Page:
Vilnius – Metropolis Explained

Vilnius, the capital of Lithuania, unlike the other two Baltic capitals is not a port city. Located deep inland on a hilly, forested landscape with two rivers piercing its urban centre, Vilnius scores high in many rankings for the green vs urban area ratio. Even though Vilnius can be proud of the quantity of green and biodiverse environment for its residents, at the same time this layout results in an expansive urban structure that leads to intense car use and decreased air quality. In contrast to its metropolitan role as the most important cultural, political and economic city in the country, Vilnius has also, to this day, preserved many unique qualities of a countryside.

Built at the confluence of two rivers, the city is famous of its oldtown – one of the largest surviving medieval urban fabrics in Northern Europe, listed by UNESCO as a world heritage site. During the Industrial Revolution, which spurred the growth of many European cities, Lithuania was under the rule of the Russian Empire. Its capital Vilnius was a provincial centre at the periphery, therefore the urban development of that period was rather slow. Although it sounds disadvantageous, it allowed Vilnius to preserve its meandering, somewhat accidental medieval oldtown street structure as a foundational ground for the future character of the city – diverse, spontaneous and organic.

Intense, often chaotic urban structure

Highly multicultural due to its history, Vilnius was often the place where the interests of various countries and political groups collided. Even in the short time span between the end of the 19th century and the present day, given that Vilnius is almost 700 years old, the rulers of the city changed multiple times. Some of the reigns were too short to leave a mark on the city’s development; nevertheless, the implementation of sometimes drastically different policies and a succession of divergent cultural ideologies have brought forth an intense, often chaotic urban structure characterized by the merging of unfinished visions as much as the clash of various architectural periods.


The close proximity of historical heritage, dense urban environments, rural settlements and almost untouched natural landscapes is what makes Vilnius different from other European capitals. After the collapse of the Soviet Union, which over a period of five decades had expanded the map of Vilnius with large-scale industrial andoften monofunctional developments common in the era of socialist modernism, the city started a new chapter of its evolution. During Soviet rule, cities were shaped through a top-down urban planning practice, but after gaining independence, Lithuania went into the opposite direction. Now urban processes were driven by the neoliberal principles of government deregulation and a free market economy. Controlled urban growth was replaced by unregulated urban sprawl, spontaneous developments and in general a lack of urban planning.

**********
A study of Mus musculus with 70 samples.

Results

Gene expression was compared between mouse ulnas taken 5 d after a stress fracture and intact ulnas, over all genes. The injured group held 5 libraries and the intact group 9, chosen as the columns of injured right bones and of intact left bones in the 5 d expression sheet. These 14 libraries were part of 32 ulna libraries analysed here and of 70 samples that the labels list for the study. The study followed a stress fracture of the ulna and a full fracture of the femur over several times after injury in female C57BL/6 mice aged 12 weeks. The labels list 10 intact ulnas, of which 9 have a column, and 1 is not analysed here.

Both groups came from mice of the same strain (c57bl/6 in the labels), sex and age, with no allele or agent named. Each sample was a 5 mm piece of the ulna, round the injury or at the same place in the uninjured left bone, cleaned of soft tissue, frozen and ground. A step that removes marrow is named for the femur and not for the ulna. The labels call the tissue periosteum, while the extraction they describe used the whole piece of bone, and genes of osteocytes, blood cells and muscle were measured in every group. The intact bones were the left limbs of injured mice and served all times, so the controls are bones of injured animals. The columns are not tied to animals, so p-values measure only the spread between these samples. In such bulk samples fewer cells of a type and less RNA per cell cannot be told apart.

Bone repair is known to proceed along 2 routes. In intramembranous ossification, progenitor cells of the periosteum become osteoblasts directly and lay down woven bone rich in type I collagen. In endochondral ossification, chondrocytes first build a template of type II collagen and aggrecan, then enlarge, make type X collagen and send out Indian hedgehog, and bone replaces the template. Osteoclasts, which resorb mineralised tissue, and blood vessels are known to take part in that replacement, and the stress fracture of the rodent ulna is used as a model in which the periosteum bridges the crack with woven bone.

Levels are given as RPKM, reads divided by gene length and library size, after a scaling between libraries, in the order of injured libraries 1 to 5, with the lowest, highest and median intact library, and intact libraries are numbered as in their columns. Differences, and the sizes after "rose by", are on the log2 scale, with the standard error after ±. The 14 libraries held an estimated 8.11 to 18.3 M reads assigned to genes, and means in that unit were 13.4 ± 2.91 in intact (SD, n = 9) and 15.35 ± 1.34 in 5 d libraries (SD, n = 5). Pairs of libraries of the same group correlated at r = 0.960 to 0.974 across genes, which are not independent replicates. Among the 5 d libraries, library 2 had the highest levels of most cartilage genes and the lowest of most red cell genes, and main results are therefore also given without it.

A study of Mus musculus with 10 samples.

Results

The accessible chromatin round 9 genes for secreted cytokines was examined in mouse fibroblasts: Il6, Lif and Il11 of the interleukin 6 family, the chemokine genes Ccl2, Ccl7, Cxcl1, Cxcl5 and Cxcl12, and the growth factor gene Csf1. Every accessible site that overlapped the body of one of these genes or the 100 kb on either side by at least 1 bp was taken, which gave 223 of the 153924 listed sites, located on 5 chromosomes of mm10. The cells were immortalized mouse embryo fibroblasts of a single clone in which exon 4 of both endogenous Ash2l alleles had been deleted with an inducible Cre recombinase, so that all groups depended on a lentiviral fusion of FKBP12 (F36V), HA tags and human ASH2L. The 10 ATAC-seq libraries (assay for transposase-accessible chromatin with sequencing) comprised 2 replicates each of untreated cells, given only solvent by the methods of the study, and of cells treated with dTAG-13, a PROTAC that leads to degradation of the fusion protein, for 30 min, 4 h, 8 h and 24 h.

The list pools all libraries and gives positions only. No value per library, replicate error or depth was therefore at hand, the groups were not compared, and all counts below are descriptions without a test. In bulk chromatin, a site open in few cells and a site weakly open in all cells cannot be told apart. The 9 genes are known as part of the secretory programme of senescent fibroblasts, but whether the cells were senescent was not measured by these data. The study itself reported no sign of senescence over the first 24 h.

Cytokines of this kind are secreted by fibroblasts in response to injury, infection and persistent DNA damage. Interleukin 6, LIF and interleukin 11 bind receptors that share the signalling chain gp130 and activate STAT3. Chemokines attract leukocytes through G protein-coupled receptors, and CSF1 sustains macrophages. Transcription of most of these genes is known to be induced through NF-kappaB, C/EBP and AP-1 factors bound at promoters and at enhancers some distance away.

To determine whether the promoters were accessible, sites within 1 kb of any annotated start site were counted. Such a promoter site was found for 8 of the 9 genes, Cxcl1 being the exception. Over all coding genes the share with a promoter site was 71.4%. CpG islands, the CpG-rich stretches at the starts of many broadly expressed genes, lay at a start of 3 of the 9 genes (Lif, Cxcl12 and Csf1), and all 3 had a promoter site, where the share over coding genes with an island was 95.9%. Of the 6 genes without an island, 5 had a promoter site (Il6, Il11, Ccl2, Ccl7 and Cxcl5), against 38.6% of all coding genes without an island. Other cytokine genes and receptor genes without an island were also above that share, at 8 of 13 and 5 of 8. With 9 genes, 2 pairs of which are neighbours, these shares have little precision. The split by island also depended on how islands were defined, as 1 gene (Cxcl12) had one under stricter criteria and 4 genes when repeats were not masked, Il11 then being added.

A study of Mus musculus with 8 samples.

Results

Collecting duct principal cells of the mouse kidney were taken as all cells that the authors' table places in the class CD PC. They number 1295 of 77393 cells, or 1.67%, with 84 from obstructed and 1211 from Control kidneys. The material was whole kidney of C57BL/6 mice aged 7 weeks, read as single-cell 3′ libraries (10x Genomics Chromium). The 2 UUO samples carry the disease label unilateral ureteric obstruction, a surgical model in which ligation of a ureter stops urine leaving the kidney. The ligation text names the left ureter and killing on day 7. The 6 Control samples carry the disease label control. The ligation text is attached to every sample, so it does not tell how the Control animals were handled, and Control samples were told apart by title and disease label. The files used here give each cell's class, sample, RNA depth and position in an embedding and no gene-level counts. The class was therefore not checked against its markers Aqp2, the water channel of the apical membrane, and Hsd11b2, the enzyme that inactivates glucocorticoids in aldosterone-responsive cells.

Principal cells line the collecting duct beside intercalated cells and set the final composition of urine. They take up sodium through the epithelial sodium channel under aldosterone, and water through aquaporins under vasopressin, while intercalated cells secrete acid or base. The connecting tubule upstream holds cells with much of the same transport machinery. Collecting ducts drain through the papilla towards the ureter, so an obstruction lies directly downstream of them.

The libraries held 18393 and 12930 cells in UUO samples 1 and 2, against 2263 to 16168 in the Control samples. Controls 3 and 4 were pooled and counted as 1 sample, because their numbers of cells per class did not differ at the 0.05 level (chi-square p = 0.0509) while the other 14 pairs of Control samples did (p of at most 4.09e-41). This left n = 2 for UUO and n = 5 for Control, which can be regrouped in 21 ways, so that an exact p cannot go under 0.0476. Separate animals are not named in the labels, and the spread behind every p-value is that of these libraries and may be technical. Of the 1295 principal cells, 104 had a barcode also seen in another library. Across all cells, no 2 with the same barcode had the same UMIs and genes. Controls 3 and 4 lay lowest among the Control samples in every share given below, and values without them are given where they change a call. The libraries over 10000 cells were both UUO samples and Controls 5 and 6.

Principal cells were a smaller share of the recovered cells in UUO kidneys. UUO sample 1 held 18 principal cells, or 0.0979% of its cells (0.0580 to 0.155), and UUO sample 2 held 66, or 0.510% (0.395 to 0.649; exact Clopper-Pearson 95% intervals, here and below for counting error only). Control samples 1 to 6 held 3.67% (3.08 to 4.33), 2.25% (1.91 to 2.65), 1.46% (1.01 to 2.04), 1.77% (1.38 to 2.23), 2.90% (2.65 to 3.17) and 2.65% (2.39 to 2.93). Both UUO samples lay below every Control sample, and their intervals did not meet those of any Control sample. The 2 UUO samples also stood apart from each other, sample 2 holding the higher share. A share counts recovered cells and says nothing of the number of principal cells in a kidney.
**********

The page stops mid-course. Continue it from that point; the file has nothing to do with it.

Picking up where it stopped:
Full of unexpected and sometimes perplexing juxtapositions

As a result, since the 1990s the urban character of Vilnius as a city of contrasts has deepened. Given the lack of experience in controlling the forces of capitalism and due to weak democratic resistance to the influence of investors, empty plots were filling up with new architecture as if the urban fabric was a Baltic forest where growth happens rather accidentally. Although this kind of urban development brought about negative consequences, it also further saturated the existing identity of Vilnius as a multi-layered and heterogeneous social, cultural and architectural fabric. The city is full of unexpected and sometimes perplexing juxtapositions that enliven as well as jolt the viewer’s consciousness.

This urbanisation that followed vastly contrasting ideologies, philosophies and cultures has resulted in a patchwork, leaving accidentally preserved gaps of countryside, natural landscapes and wild forests in between newly developed neighbourhoods and historically formed areas. One may find oneself in the middle of a cobbled street surrounded by wooden houses that resemble rural living while the high-rises of the central business district dominate the background; it is possible to enjoy a vibrant oldtown with still intact local communities and to walk into a lush natural forests five minutes outside the centre.

Identity of imperfection shaped over centuries

When the lockdowns caused by the Covid-19 pandemic imposed unheard-of restrictions on citizens’ personal freedom, Vilnius proved its resilience precisely through its abundance of open spaces to be enjoyed by its residents. For the past several years the city’s urban strategy has been slowly returning to textbook urban planning, aiming to densify the central areas and increase the overall efficiency of the city. In the process, abandoned, leftover, post-industrial patches have been revived and opened up in the attempt to unite the disparate urban structure into a continuous cityscape and correct the mistakes of previous developments. Nevertheless, while there is an understandable rush to catch up with the efficiency and density of Western cities, Vilnius should proudly be aware of its unique qualities and stand by its identity of imperfection shaped over centuries. Those who make the decisions on the future of Vilnius’ landscapes as well as built environment should be careful not to systematically remove the contradictions, unconventionalities and provocations that come with the patchwork.

Find out more about Vilnius in topos 114.